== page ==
Cloud Computing and Genealogy: Tuesday’s Tip


I’ve been taking my own advice lately and using a hybrid approach to backing up my data (including all those family photos, family group sheets, primary sources, and other digital genealogical records).

Cloud computing should be part of this mix. For our purposes, cloud computing is best defined as using virtual servers owned and managed in another location to back up your data.

I’ve used Dropbox to upload my really precious stuff, but I haven’t sprung for a subscription that would allow unlimited data backup.

This is in addition to Time Machine, which I’ve used on my Macs for years and love it with much love. It creates an automatic backup of your entire system every hour the computer’s active and keeps weekly and monthly data sets as your backup life progresses. I back up to a 2 TB external drive that I’ve been very happy with. It has over a year of backups at this point. It’s incredibly easy to retrieve files when you need them.

Vendors for cloud computing aren’t hard to find: Gator, Dropbox, Mozy, and now titans like Apple, Google, and Amazon see a business opportunity. Costs and pricing plans vary. Some services charge per volume of data, but you should look for a flat rate with no data-size limitations.

It may take some research to find a vendor that’s right for you. Don’t lock yourself into a long-term plan until you’re sure you like the service. And even then, competition will probably continue to drive costs down.

In addition to the obvious factors of cost and ease of use, also consider the security and privacy of your data. Dropbox recently experienced some unwanted publicity over the ambiguous wording of their privacy statement, which reads in part:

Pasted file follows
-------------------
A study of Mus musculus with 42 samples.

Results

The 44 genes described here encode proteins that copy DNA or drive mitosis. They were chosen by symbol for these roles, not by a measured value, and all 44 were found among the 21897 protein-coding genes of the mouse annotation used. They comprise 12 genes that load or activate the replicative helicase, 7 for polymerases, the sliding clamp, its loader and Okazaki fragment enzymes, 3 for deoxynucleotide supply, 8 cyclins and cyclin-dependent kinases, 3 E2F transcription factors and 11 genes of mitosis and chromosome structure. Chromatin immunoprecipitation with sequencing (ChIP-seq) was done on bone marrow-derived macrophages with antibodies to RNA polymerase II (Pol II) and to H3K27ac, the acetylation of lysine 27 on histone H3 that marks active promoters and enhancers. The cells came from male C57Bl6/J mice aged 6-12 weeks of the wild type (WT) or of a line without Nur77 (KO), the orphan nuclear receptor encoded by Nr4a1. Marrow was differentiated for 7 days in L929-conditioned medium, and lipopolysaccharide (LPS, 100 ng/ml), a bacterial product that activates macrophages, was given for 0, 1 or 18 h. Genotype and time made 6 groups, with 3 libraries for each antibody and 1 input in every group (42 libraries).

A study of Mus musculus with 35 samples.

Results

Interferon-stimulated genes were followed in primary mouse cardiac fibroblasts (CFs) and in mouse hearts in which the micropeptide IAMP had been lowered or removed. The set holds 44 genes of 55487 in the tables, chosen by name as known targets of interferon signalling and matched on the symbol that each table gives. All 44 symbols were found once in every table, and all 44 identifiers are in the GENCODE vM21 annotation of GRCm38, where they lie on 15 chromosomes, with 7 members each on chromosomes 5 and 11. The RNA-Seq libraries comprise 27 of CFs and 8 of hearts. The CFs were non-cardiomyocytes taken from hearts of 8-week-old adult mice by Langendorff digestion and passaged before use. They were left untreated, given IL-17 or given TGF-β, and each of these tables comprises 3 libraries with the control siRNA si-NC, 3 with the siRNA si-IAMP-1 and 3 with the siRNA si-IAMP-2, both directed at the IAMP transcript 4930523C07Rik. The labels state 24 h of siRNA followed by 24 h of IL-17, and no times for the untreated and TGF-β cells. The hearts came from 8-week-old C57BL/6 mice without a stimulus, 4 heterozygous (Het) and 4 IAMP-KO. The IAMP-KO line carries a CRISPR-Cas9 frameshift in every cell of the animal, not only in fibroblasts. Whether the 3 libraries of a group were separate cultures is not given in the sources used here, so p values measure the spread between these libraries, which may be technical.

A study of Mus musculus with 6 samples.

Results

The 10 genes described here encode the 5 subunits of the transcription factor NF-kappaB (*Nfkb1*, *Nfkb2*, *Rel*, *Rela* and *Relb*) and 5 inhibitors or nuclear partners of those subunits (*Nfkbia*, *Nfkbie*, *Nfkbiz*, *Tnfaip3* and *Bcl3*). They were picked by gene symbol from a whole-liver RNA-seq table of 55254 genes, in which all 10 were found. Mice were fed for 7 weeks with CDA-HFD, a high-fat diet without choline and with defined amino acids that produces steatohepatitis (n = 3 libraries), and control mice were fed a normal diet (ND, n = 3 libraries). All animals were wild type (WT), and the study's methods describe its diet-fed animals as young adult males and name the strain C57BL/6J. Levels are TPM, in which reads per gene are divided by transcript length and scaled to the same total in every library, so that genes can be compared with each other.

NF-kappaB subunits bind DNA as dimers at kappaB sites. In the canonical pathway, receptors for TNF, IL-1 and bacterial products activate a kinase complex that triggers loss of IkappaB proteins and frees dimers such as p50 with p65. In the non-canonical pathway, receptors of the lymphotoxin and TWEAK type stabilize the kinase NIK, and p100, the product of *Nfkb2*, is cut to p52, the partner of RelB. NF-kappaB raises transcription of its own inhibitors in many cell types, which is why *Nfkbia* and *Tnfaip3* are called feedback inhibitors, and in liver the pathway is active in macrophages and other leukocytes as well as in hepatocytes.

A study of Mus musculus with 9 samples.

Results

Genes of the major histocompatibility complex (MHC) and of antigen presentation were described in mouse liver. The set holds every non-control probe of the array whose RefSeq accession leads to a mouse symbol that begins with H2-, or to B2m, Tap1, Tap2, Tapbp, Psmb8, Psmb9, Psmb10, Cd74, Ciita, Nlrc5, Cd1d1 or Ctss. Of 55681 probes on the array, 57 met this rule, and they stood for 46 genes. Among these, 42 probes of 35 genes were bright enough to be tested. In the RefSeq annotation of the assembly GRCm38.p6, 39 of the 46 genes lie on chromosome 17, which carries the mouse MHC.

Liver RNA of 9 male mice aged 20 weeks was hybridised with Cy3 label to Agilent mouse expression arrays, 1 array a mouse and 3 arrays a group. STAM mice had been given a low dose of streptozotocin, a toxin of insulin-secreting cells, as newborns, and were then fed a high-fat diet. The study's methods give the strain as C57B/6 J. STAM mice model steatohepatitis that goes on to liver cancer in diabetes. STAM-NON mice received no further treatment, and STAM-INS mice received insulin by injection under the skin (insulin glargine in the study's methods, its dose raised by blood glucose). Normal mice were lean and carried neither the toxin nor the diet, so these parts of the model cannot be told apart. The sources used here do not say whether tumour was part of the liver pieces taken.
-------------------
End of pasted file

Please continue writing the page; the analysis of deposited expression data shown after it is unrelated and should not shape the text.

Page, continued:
You grant us (and those we work with to provide the Services) worldwide, non-exclusive, royalty-free, sublicenseable rights to use, copy, distribute, prepare derivative works (such as translations or format conversions) of, perform, or publicly display that stuff to the extent reasonably necessary for the Service.

So financial data and other sensitive data does not belong on any cloud computing platform.

A final word on this from NDIIPP: “Consumer cloud storage is still in its infancy and business models are still being invented, so take your time and make an informed decision before you open your wallet or start uploading your precious stuff. Ask your friends, relatives, neighbors and co-workers about their experiences and recommendations.”


  1. Michelle Goodrum 16 August 2011 at 10:56 AM

    Good advice. I’ve been using a similar hybrid method myself. It served me well when I began having significant problems with my laptop and had to migrate everything to a new one.